After a backlash, the Border Patrol won't nab suspects except at the border or checkpoints. Now agents are angry.

August 13, 2003|H.G. Reza and Anna Gorman | Times Staff Writers

After protests over recent immigration arrests in San Diego and San Juan Capistrano, Border Patrol officials have instructed agents not to make arrests on city streets or question suspected illegal immigrants except along the border and at highway checkpoints in Orange and Riverside counties.

The directive, outlined in an Aug. 8 memo, is aimed at agents in San Diego and southern areas of Orange and Riverside counties.

"The future of Border Patrol operations" depends on eliminating the public perception that agents occasionally conduct neighborhood sweeps, says the memo from William T. Veal, chief patrol agent for the greater San Diego area.

Agents reacted with anger and disbelief to the memo.

"I refuse not to do my job. They want us to turn a blind eye even if we know that an alien is here illegally, and a criminal [besides]. That's reprehensible," said agent Thane Gallagher, who is also a union official. "Whose mythical notion is this that once an illegal alien is in the U.S., we're supposed to turn our back?"

The policy was announced by Veal last week, after the Aug. 1 arrests of five members of a Mexican family by Border Patrol agents. The family -- parents, son, daughter and a nephew, all adults -- was walking to the Mexican Consulate near downtown San Diego to apply for matricula consular cards, identification cards issued by the Mexican government to its citizens living in the United States. The arrests were made about a block from the consulate.

Later in the day, a friend of the family was arrested and deported when he went to retrieve the family's car, consular officials said.

The arrests sparked controversy and words of protest by Deputy Consul General Javier Diaz, who met with Veal to discuss the incident. Officials at the National Border Patrol Council Local 1613, which represents local agents, said Veal's directive was largely motivated by the outpouring of criticism leveled at the agency after the arrests. The incident was the first time in recent memory that such an arrest has occurred so close to a Mexican consulate in the United States, according to U.S. and Mexican authorities.

Mexican Consul General Rodulfo Figueroa said he was astonished by the arrests because of their proximity to his downtown office, where Mexican nationals have long been able to come without worrying about Border Patrol agents approaching them and where consular officials have been able to effectively do their job helping Mexicans in the U.S.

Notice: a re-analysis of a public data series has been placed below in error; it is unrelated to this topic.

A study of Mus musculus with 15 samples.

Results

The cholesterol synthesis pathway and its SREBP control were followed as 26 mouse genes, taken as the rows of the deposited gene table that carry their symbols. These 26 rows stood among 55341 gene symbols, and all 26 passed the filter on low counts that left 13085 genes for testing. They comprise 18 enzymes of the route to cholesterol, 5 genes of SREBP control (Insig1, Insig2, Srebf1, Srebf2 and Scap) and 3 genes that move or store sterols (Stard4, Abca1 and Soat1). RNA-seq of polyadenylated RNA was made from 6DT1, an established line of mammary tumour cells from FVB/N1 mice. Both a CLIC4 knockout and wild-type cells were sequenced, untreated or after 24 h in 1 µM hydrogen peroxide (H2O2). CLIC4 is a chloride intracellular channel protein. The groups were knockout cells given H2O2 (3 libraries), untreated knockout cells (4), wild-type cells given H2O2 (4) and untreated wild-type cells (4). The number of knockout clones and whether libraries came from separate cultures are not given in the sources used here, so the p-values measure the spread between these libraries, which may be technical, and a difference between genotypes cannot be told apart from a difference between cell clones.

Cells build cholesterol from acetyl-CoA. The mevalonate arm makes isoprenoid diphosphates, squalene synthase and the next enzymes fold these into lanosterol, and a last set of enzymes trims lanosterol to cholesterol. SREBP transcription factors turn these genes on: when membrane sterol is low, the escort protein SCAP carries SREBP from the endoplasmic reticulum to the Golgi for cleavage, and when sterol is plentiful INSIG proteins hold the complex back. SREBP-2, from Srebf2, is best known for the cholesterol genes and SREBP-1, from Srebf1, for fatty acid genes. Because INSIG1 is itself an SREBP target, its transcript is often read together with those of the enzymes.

"There is sort of a unwritten agreement that it shouldn't happen," Figueroa said. "I don't know what brought them here."

Veal's memo was also shaped by fallout from a series of June arrests in San Juan Capistrano. In one instance, a father whose children were in grade school was arrested, forcing officials to place the children in a county facility.

The San Juan Capistrano arrests, and the wave of rumors and fears they fed, resulted in a meeting that attracted more than 400 people who met with the Mexican consul, lawyers and a U.S. immigration official in a church gymnasium.

Veal declined Tuesday to discuss the memo. A Border Patrol spokesman said the document is viewed as internal communication.

The memo was directed at all agents in the San Diego sector, which includes San Diego County and the border checkpoints in San Clemente and Temecula. It said agents are prohibited from initiating enforcement action in cities, residential areas, near workplaces and locations where day laborers gather. Agents are also prohibited from taking enforcement action while driving to assignments.

The priority for Border Patrol agents, Veal wrote, should be "maximum containment" of illegal immigration at the border and preventing the entry of terrorists. Enforcing immigration laws away from the border and at workplaces will be done by the Bureau of Immigration and Customs Enforcement, he wrote.

Agents said the memo has had a chilling effect.

"Morale was already bad, but this memo sent it plummeting to the lowest point I've ever seen," said Shawn Moran, a spokesman for the union representing agents. "The guys and women are asking what management expects them to do, if not their jobs. We're telling them they have to follow the chief's orders."

Patricia Mariscal, a San Juan Capistrano activist who organized protests against the June arrests, welcomed the memo's message.

"This will allow the Border Patrol to continue with its mission of enforcing the immigration laws while at the same time treating immigrants with respect," said Mariscal. "But they've had other policies and regulations in place that they haven't followed in the past. I hope this is one they'll follow."

In San Diego, fallout from the arrest of the family near the Mexican Consulate has continued to cause unease.

While Moran defended the four agents who made the arrests, others said the Border Patrol had violated a long-held trust that the neighborhood around the consulate was sacred ground.

Mexican immigrant Angela Velasquez, 56, waited on a recent afternoon with her daughter, who was trying to get a Mexican passport. Velasquez said the area around the consulate should be a "protected zone," where undocumented immigrants don't have to worry about being arrested.

The American Friends Service Committee in San Diego has received several phone calls from apprehensive illegal immigrants since the arrest, said director Christian Ramirez.

"This has really sent shock waves throughout the Latino community," Ramirez said. "People have called to ask if it's safe to go to the Laundromat, supermarket, school, swimming lessons."